10-Nov-2004

China's government is set to free up the market for direct sales in the country, a move that is likely to allow the direct sale of cosmetics by international companies such as Avon, Nu Skin and Oriflame. Simon Pitman reports.

According to a report from the Wall Street Journal, the country is preparing to issue its first comprehensive rules for direct sales company in the next few months. Direct marketing has traditionally proved to be a strong means of selling cosmetics to consumers, and Avon in particular has become synonymous as the leading company worldwide.

But tough regulations have, until now, made direct cosmetics sales almost impossible in the country.

 

All that is set to change, however. Under the conditions of China's entry to the World Trade Organisation, one of the main stipulations is that the country opens up the economy, and more specifically the retail sector, to allow the entry of foreign players. At the time of entry the WTO said that China's government had to comply with all the agreed quotas by 2005. That date is now rapidly approaching, which is why China is now making moves to introduce more liberal retail laws by the end of the year.

 

As well as the law to liberalise the regulations on direct sales, the authorities are also freeing up regulations allowing foreign multinational retailers to set up in China. A move that could also bring a number of new opportunities for leading multinational cosmetic and personal care companies.

 

Until now cracking the China market has proved difficult as direct sales businesses have had to struggle against China's ambiguous laws related to the area. In fact direct sales are currently illegal in the country, after Beijing banned all direct sales in response to pyramid schemes, which were sweeping the country at the time.

 

Eventually ten direct sales companies were allowed to continue their operations after lobbying the government, but other companies had to turn their businesses around by setting up retail outlets in key urban areas. An expense that proved too much for many businesses that subsequently went out of business.

 

But with the new regulations promising to allow greater freedom to businesses already established in China, as well as offering greater access to new businesses wishing to enter the market, leading international directs sales cosmetic businesses can now look forward to better prospects.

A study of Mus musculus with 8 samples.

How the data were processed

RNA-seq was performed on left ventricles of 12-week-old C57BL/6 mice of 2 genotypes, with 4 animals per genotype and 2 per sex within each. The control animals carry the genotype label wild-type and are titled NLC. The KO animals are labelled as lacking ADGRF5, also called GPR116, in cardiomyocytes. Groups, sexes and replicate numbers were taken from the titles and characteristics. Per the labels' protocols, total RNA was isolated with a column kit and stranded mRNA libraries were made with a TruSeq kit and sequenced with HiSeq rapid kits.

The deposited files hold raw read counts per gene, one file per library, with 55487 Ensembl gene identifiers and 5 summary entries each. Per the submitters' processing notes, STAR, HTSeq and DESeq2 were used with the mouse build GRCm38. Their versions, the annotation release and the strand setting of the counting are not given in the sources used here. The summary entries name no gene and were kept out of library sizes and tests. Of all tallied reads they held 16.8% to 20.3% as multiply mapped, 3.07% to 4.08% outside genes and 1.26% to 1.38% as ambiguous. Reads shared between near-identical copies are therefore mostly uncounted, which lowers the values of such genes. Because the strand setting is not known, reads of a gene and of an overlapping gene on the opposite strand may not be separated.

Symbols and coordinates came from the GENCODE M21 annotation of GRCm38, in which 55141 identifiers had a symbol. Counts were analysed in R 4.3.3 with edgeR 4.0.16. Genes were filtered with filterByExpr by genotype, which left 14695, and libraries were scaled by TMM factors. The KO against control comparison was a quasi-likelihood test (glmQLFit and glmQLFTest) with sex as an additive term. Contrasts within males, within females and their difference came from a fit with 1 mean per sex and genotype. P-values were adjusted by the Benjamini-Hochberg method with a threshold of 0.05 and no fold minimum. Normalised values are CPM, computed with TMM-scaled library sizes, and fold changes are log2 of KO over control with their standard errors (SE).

Surprisingly, industry experts and company executives believe that the new regulations are more likely to favour foreign companies. This is because stringent capital and sales requirements are difficult for domestic companies to fulfil, freeing up the market for foreign multinationals with bigger purse strings.

 

The sheer size of the China populace combined with the fact that economic prosperity is continuing to develop at phenomenal rates gives many industries reason to believe that there are significant opportunities. For cosmetics companies in particular, huge opportunities are in the offing. Currently the market for cosmetics is valued at $4 billion, but with growth rates continuing to skyrocket, some industry experts believe that this figure will have grown ten times by the year 2010.

 

This, combined with the fact that the vast majority of China's population remains outside the primary industrial and economic zones, and consequently out of reach of the major retail centres, gives many industry experts reason to believe that direct cosmetics sales could be a major growth industry.

 

The companies agree too. Nu Skin is planning on changing its business model to combine direct sales with retail outlets. Already it is predicting that sales will rise from $38 million in 2003 to reach $100 million this year. And with the added impetus of direct sales next year it is anticipating growth to continue apace.